Kachin aid groups are running out of means to help more than 25,000 internally displaced persons (IDPs) on the border between Myanmar and China.
"The situation is worsening now because no one here has the capacity to support them," La Rip, coordinator for the Relief Action Network for IDPs and Refugees (RANIR), incorporating 12 local community organizations, told IRIN from the border town of Laiza.
Civil departments from the Kachin Independence Organization (KIO) - the political wing of the Kachin Independence Army (KIA) - have been providing most of the food at 15 makeshift camps around the border, La Rip said. But as the conflict enters it fourth month, additional support is urgently needed, he added.
"People are getting only a small amount of rice a day, without any nutritional support," said La Rip. "We are at the moment worried about their food security and shelter, with winter advancing."
Since 9 June, tens of thousands of civilians have fled from rural parts of eastern Kachin State, when the Burmese Army attacked the KIA, ending a 17-year-old ceasefire between the two armies and sending thousands of civilians fleeing to the Kachin-China border, towns and jungle areas.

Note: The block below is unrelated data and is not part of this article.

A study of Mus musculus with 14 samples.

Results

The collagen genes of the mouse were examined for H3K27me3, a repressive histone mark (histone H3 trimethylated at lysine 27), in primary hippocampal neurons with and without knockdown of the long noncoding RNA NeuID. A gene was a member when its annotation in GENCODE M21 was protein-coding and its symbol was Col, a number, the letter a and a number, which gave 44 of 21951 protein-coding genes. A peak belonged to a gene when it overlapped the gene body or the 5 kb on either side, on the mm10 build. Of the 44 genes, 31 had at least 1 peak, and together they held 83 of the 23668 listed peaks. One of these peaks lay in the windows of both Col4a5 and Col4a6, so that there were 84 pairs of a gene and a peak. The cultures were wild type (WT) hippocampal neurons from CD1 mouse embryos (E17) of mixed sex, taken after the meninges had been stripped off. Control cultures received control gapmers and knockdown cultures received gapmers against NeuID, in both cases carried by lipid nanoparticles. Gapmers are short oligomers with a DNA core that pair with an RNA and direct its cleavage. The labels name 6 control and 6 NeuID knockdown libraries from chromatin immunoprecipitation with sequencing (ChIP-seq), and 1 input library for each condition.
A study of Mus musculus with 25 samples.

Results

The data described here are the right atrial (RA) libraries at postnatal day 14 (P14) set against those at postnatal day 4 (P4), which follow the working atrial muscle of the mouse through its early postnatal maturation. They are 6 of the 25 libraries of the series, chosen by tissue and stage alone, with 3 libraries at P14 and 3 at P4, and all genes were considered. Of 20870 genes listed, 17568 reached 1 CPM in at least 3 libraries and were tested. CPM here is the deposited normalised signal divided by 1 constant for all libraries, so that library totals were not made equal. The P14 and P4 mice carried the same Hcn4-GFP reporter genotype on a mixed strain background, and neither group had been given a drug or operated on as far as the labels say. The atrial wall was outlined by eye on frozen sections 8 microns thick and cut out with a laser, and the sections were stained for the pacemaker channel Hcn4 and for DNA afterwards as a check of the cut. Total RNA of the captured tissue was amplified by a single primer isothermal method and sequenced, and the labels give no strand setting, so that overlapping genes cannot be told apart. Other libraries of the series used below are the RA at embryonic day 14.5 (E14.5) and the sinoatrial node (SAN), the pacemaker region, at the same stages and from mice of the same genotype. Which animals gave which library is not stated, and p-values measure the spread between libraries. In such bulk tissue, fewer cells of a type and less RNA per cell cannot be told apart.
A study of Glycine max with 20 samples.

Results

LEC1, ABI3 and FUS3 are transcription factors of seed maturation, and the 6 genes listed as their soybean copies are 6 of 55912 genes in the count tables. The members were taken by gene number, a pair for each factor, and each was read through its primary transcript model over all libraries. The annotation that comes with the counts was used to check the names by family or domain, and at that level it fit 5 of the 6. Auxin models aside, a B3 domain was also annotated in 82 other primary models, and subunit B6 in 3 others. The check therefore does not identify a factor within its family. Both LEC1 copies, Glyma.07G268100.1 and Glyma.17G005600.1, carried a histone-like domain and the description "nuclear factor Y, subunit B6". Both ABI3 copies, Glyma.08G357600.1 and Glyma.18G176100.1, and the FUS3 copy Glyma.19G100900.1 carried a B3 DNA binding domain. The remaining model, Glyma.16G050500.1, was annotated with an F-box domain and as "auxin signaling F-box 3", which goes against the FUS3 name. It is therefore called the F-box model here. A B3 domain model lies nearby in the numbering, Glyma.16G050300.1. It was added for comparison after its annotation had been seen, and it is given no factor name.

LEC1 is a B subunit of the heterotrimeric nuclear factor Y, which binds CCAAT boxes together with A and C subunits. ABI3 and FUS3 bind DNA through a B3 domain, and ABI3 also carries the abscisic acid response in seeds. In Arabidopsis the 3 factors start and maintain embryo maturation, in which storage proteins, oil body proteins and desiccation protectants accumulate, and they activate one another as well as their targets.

Much of the conflict focuses on Kachin resistance to a government plan to recruit their men into a single state-run border guard force.
Most IDPs are living in temporary bamboo shelters with plastic sheet roofing. The crowded living conditions, poor sanitation and lack of clean water have led to illness - seven children died, mainly of diarrhoea and malaria, in Laiza during August. At one site, 2,000 people are sharing 10 toilets, say aid workers.
"We are in very urgent need of medicine," said Mai Ja, an aid worker with the Kachin Women's Association Thailand, who is based in a camp supporting 3,000 IDPs along the border.
The uprooted civilians also need school supplies, psycho-social support, and shelter as winter approaches, La Rip said.
RANIR has raised more than US$312,000 for relief needs, mainly from the KIO and Kachin communities in Myanmar, China and abroad. But that money is nearly gone, Mai Ja said.
A $2.4 million request sent to the international funding community in July has had little response, aside from some $38,000 donated by two European NGOs, money that is still being processed.
Meanwhile, as of 13 September, the fighting continues.
"People are really afraid to go back to their villages," La Rip said.
Since fighting broke out in June, the UN and other international agencies have not had access to the area.